In other news:
At its regular Tuesday meeting, the Moffat County Commission:
• Approved, 3-0, Feb. 22 meeting minutes.
• Approved, 3-0, transfer of payment of warrants for March totaling $334,250.35.
• Approved, 3-0, payroll warrants ending March 5 totaling $401,438.62
• Approved, 3-0, Moffat County Social Services Department payroll and electronic transactions totaling $436,111.41.
• Approved, 3-0, a contract with High Country Excavating for lawn mowing services at Loudy-Simpson Park, Craig Cemetery and the Moffat County Fairgrounds not to exceed $115,878.
• Approved, 3-0, designating Audrey Danner as the chief local elected official for the Colorado Department of Labor and Employment’s Northwest Region Workforce Investment board.
• Approved, 3-0, a contract with NWCC, Inc., for asbestos inspection not to exceed $1,552.50.
• Approved, 3-0, partnering with Rio Blanco County for a GIS mapping project totaling $3,995.
• Approved, 3-0, waiving the bid process for 2011 crack seal projects for the road and bridge department.
• Heard an update from Beverly Rave of the State Board of Land Commissioners.
• Heard an update on the county’s economic plan from Darcy Owens-Trask, Craig/Moffat Economic Development Partnership executive director, and discussed the commission’s support of the plan.
• Heard an annual report from Marie Peer of social services.
• Heard an update on Craig resident Marilynn Hill’s Planet Yampa project.
• Heard an update from Moffat County Tourism Association Director Marilynn Hill on the organization’s focus groups.
Moffat County Commissioner Tom Mathers said he was pleased with a Tuesday presentation about the county’s finances.
“We’ve accomplished what we have set out to do and what we are going to continue to do and that is to keep the county healthy and not have to go through a series of cuts and layoffs like other counties are having to do,” he said.
At its regular Tuesday meeting, the county commission heard a report on the county’s finances and budget from budget analyst Tinneal Gerber.
Gerber outlined the county’s various revenues and expenditures in 2010 and also how those have affected the county’s reserve funds.
In 2010, the county collected $34.9 million in revenue, which was $354,377 lower than 2009. However, last year’s revenues exceeded the county’s budget by 8.8 percent.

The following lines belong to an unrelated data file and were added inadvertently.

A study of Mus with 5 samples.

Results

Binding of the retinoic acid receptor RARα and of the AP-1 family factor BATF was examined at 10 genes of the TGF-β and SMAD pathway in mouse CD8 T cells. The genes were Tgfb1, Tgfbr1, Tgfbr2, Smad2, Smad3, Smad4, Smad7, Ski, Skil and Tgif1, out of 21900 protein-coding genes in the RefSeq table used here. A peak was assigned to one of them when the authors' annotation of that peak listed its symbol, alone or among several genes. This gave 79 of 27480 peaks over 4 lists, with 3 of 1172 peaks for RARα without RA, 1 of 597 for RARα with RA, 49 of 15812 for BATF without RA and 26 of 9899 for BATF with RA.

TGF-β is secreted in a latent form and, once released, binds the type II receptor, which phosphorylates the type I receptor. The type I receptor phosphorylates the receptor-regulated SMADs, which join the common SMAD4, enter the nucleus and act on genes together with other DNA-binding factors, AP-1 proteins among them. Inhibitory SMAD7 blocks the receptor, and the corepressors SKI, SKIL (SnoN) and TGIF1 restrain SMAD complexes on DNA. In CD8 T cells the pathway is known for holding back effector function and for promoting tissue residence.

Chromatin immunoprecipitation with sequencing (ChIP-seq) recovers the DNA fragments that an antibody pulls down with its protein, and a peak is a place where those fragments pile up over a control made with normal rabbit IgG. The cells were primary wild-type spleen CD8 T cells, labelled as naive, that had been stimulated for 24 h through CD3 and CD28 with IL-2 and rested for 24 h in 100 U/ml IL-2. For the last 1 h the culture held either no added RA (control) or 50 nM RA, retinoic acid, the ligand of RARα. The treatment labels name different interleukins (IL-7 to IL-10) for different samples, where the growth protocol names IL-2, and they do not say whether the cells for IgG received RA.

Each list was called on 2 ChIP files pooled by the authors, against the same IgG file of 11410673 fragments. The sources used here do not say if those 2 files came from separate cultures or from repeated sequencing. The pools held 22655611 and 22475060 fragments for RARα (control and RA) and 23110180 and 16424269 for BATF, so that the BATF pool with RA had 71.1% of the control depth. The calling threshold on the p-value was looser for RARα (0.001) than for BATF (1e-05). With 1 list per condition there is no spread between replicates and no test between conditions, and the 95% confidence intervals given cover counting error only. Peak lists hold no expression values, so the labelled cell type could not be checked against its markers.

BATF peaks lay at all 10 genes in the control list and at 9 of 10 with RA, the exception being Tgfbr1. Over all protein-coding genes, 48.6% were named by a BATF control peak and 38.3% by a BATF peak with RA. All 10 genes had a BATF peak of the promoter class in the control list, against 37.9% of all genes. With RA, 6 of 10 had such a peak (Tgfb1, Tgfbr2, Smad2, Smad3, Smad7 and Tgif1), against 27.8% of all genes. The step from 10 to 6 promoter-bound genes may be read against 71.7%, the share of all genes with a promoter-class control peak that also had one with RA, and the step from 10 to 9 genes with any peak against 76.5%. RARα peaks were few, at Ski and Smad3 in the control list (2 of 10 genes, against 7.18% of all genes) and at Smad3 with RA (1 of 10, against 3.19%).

The county collected $10.6 million in property taxes, which is $1.1 million more than last year.
Last year, the county collected $2.7 million in sales tax, which is $95,478 more than 2009. However, the county received a one-time payment from the state for tax collections that were not properly distributed.
Without this one-time payment, sales tax collections would have decreased 11 percent from 2009, Gerber said.
Due to declining trends in sales tax collections, Gerber said the county has budgeted for a 15-percent decrease in the collection of the tax this year.
Declines in revenues from non-tax sources were led by intergovernmental revenue, which decreased by 30.5 percent, or $2.5 million, from last year.
Gerber said the decline was due to a lack of energy impact grant funds from the Colorado Department of Local Affairs.
The lack of grant funding played a large role in one of the county’s expenditures — capital projects.
“If all you look at are the 2010 final numbers, it looks like here we are saying, ‘Times are tough, taxes are going down’ and so on and yet you say, ‘Gall, you made money. You’ve got a bigger fund balance than you had last year,’” commissioner Tom Gray said.
However, Gray said revenue was intentionally stored away in county coffers waiting for the DOLA grant cycles to start again. The commission only spent about $564,248 on capital projects last year, Gerber said.
“We knew that we had more capital than that and more needs than that, but we thought we might get some grants to do some matching,” Gray said. “Then, as those grant funds have gone away, and they are gone for 2011 as well, in budgeting we are going to spend $4.3 million because you still have to do your capital — that is going to significantly take away some of the gains we made.”
At the end of 2010, the county had $28.6 million in reserve funds available, which is an increase of about $7.8 million from 2009.
General fund reserves totaled about $13.2 million, an increase of $4.5 million from last year, Gerber said. That increase is due in part to increased mineral leasing and severance tax revenue, which is being allocated to capital projects this year.
The county spent a total of $30 million last year, which is a $1.5 million decrease from last year. The county only spent 87.8 percent of what they budgeted to spend last year.
Gerber said the four major areas the county spends their money in — personnel, operating, capital, and social services — all came in under budget.
Personnel spent 97.5 percent of its budget. Social services spent 88.6 percent of its budget, operating was 82.1 percent of the budget, and capital 69.5 percent, Gerber said.
Gray said the county would continue to work to consolidate county departments, not replace retired employees, and privatize various county services, as they have for several years.
The commissioner said he felt the county was lucky to receive numerous, one-time bonuses of revenue such as those that came from a return of sales tax from the state and money from November’s mineral auction.
“We feel pretty fortunate that we have had a couple unexpected, one-time shots in the arm,” Gray said.
He also thinks it “behooves” local governments to keep a more conservative budget considering the possibility of unfunded federal mandates as a response to the $16 trillion national debt.
But, for the time being, Moffat County seems to be “pretty healthy” on the financial side of things, Gray said.
“We owe it to the citizens to maintain a size of government that we can sustain year in and year out and that is what we have been working at and what we are trying to do,” he said.